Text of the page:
JEDDAH: A night of classical music performed by a German duo on Sunday enchanted guests in Jeddah, taking them on a full experience of the flute and harp, a first in the Kingdom’s coastal city.
The New Year’s Concert of the German Consulate General hosted the musicians as a gift to the people of Jeddah. Playing the harp was Lea Maria Loffler and the flute was played by Myriam Ghani.
Held under the stars, the young duo presented original works from classical greats such as Schumann, Ravel and Bach, adapting them to their instruments for the crowd in a perfect winter setting.
As the night went on, the crowd were transfixed by the beauty of the harp and flute combination, transporting them in time as they listened to Beethoven’s “Schone Minka,” Ravel’s “Vocalise-Etude en from de Habaera,” Christoph Gluck’s “Dance of the Blessed Spirits and Minuet” from the opera Orpheus and Eurydice, and Nino Rota’s title theme for the classic film “The Godfather” by Francis Ford Coppola.
German Consul General in Jeddah Holger Ziegeler was keen on bringing a taste of Germany’s finest musicians to Saudi
“I like to surprise my guests, I like to bring in something that is different, something that has never been heard before (live) in Saudi Arabia, or in my garden!” he told Arab News. “I don’t believe the harp has ever been (played) in Jeddah.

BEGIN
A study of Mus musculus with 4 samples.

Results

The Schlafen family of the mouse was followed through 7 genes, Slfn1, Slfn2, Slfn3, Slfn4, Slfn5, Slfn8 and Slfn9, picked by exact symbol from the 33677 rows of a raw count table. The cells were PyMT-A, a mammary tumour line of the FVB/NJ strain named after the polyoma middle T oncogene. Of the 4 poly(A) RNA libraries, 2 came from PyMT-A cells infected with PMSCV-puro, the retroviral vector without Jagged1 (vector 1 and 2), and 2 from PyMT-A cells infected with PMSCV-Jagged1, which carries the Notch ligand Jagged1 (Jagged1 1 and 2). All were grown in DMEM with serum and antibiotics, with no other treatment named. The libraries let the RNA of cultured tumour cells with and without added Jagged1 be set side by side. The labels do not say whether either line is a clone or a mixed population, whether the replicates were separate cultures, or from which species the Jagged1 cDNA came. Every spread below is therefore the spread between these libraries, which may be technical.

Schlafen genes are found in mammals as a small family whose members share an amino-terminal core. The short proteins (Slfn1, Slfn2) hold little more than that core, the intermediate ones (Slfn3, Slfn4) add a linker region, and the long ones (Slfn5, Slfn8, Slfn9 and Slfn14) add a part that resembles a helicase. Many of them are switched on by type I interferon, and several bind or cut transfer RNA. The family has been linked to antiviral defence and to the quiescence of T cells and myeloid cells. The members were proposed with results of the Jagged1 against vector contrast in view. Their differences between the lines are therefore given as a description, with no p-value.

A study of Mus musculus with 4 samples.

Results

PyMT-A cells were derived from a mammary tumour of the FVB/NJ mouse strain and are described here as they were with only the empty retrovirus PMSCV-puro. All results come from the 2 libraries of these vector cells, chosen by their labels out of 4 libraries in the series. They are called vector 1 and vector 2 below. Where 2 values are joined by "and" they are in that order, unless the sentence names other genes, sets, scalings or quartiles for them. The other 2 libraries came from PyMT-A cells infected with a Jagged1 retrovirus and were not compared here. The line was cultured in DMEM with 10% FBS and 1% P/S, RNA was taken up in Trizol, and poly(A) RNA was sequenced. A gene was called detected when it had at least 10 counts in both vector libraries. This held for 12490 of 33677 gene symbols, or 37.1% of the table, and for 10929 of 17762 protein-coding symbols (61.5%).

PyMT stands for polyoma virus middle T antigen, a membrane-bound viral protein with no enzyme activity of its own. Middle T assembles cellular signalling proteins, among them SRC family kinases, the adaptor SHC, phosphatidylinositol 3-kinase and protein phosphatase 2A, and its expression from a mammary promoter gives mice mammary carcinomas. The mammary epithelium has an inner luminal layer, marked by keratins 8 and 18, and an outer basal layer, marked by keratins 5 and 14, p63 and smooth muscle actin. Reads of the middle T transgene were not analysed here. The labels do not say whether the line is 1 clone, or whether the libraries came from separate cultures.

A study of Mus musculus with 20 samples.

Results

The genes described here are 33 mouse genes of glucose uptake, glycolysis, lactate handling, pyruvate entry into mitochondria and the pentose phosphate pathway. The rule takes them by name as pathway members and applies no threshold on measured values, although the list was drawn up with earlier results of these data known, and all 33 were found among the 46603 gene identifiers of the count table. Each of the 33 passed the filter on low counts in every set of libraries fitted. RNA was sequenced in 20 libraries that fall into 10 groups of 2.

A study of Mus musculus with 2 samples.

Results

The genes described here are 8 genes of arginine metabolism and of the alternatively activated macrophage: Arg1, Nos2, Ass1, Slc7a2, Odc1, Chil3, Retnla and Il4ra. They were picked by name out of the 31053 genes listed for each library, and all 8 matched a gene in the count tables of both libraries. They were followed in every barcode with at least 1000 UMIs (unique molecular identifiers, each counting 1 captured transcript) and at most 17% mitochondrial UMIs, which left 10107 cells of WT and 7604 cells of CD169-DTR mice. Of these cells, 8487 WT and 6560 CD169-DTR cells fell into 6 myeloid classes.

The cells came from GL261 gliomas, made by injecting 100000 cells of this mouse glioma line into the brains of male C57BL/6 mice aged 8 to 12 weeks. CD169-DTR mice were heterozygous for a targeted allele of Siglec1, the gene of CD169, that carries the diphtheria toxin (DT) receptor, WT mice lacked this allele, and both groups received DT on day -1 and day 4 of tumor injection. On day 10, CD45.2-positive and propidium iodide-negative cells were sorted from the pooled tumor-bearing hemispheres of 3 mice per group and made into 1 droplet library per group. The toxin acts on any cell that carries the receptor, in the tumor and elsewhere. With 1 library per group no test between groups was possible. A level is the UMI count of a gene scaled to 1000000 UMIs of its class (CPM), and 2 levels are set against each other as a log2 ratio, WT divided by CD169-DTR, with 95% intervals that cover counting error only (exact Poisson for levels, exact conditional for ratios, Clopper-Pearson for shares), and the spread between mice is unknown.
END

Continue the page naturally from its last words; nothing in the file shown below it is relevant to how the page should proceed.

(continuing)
“What we’ve heard tonight is a very high standard of art. The music that was chosen will immediately enclose in your heart — you don’t need to attend a hundred concerts or understand music,” he said. “As a fan of classical music, the message we intended to send was that classical music is just as popular as modern music, and it transcends time.”
A member of the Cologne Chamber Orchestra and the Wuppertal Symphony Orchestra, it was Ghani’s first performance in the Kingdom, and she was delighted to “bring in new music, as it connects different cultures.”
“Musicians tell a story and I found that I was able to express that through the flute,” said Ghani. “I found my connection with it and it’s great to see how the audience connected with the sounds. After the concert, the audience was very curious to know more about the flute and how long I’ve been playing, it’s wonderful to see such inquisitive people.”
Discovering her love for the harp at the age of five, and performing her first public solo concerto with orchestra at age 12, Lea Maria Loffler granted the audience a fantastic performance.
She told Arab News that it pleased her to see how the audience was able to feel the melodies. “The most important and rewarding thing about music is when you get on stage and you want to tell the story and connect with their emotions, you get to connect with the audience and imagine the tales told by the melodies,” she said.
“Music transcends time and boundaries, touching people’s hearts and minds.”